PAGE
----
But beyond its cities, Germany’s countryside is steeped in rolling green hills and rich Germanic traditions – a land filled with vast rambling rivers like the Rhine in the west, the Elbe in the east, and the Danube in the south, not to mention a procession of fairy-tale castles straight from a Grimm Brothers story.
Historically, Germany exerted Imperial dominion as the seat of the Holy Roman Empire, and later, the Prussian Empire. The Protestant reformation, which challenged centuries of Vatican dominion over the region, began in Germany under the dissident priest Martin Luther.
In the first half of the 20th century, Germany experienced economic and political turmoil, eventually ushering in the ill-fated Weimar Republic, and later, fascism and the Second World War. The aftermath and post-war era was marked by division and profound introspection. Allied Forces divided Germany into two nations - the Federal Republic of Germany and the German Democratic Republic – drawing a line between the political worlds of east and west, communism and capitalism. But in 1989, the collapse of the Soviet Union in 1989 brought down the Berlin wall and signalled Germany’s reunification.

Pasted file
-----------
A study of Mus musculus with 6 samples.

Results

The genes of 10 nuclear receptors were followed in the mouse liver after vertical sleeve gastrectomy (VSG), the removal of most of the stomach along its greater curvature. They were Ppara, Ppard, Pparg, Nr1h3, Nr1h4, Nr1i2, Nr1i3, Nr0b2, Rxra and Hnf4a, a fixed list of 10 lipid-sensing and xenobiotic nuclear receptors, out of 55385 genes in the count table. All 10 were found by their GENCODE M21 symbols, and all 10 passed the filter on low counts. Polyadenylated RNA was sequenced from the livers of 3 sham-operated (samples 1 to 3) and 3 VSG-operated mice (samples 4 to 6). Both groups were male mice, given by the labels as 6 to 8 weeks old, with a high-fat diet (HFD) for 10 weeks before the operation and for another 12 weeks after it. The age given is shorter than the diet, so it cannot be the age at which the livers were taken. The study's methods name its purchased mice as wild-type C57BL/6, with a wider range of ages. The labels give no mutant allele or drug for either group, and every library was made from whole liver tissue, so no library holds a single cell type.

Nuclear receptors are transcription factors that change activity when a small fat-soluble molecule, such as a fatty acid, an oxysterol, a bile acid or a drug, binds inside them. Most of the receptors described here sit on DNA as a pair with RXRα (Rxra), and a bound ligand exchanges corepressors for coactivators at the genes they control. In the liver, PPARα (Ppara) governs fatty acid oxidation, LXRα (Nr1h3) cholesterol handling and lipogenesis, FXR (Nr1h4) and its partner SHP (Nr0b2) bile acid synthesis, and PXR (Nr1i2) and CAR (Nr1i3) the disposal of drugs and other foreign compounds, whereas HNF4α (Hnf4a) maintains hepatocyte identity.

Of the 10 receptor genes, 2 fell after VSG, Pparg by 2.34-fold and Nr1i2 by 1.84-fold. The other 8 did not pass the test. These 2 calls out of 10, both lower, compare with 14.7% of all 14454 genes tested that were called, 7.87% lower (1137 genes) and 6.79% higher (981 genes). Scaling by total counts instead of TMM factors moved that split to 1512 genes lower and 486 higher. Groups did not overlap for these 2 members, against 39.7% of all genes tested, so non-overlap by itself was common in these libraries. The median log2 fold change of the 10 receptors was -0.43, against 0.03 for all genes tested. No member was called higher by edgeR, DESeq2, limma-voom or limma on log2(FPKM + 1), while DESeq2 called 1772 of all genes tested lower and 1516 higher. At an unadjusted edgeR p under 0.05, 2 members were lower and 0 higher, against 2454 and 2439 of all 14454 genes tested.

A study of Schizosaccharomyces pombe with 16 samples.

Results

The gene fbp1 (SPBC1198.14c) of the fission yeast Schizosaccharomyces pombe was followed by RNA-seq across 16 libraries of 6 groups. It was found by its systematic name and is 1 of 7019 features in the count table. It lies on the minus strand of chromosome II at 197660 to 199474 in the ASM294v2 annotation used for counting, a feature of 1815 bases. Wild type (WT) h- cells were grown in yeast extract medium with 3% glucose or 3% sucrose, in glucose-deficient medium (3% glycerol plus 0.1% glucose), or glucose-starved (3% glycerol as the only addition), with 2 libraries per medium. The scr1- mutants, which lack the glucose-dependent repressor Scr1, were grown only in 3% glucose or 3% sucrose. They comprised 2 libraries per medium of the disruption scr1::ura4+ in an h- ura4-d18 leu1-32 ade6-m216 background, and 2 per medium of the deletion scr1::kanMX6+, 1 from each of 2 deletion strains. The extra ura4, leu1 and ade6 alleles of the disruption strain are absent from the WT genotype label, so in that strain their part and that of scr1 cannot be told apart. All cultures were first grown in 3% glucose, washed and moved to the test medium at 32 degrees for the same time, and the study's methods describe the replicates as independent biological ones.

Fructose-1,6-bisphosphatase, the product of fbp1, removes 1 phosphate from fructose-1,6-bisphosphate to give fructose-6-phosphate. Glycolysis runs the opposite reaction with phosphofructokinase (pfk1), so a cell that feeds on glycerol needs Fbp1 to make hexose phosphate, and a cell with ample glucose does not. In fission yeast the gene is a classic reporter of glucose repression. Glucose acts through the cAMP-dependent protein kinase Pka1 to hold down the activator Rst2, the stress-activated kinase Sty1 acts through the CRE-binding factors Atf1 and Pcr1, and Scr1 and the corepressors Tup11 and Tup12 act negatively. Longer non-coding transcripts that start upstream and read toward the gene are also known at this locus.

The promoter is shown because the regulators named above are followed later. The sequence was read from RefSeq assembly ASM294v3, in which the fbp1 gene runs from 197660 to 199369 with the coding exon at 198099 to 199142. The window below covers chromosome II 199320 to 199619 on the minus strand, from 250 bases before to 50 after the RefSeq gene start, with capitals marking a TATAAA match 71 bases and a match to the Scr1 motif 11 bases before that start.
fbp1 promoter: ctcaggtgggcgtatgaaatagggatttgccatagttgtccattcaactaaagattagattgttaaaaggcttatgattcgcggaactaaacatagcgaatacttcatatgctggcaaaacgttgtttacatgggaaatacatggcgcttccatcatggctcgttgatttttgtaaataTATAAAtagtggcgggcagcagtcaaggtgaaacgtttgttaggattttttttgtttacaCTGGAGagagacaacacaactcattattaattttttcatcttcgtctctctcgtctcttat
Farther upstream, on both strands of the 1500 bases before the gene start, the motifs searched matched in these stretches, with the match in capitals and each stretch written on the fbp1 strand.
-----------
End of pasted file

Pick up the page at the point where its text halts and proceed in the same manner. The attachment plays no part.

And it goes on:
Riding the productive boom of the late 20th century, Germany has emerged on top, an intellectual and progressive nation that’s home to world class museums and universities, a leader in the arts and sciences, as well as the industrial and financial dynamo of Europe. Germans are a thoughtful, peace-loving and forward-looking people - and in true Protestant tradition, admirably efficient and productive. In uncertain times, the German nation remains a bastion of stability and reliability – a friendly, down-to-earth place, steeped in history and energy.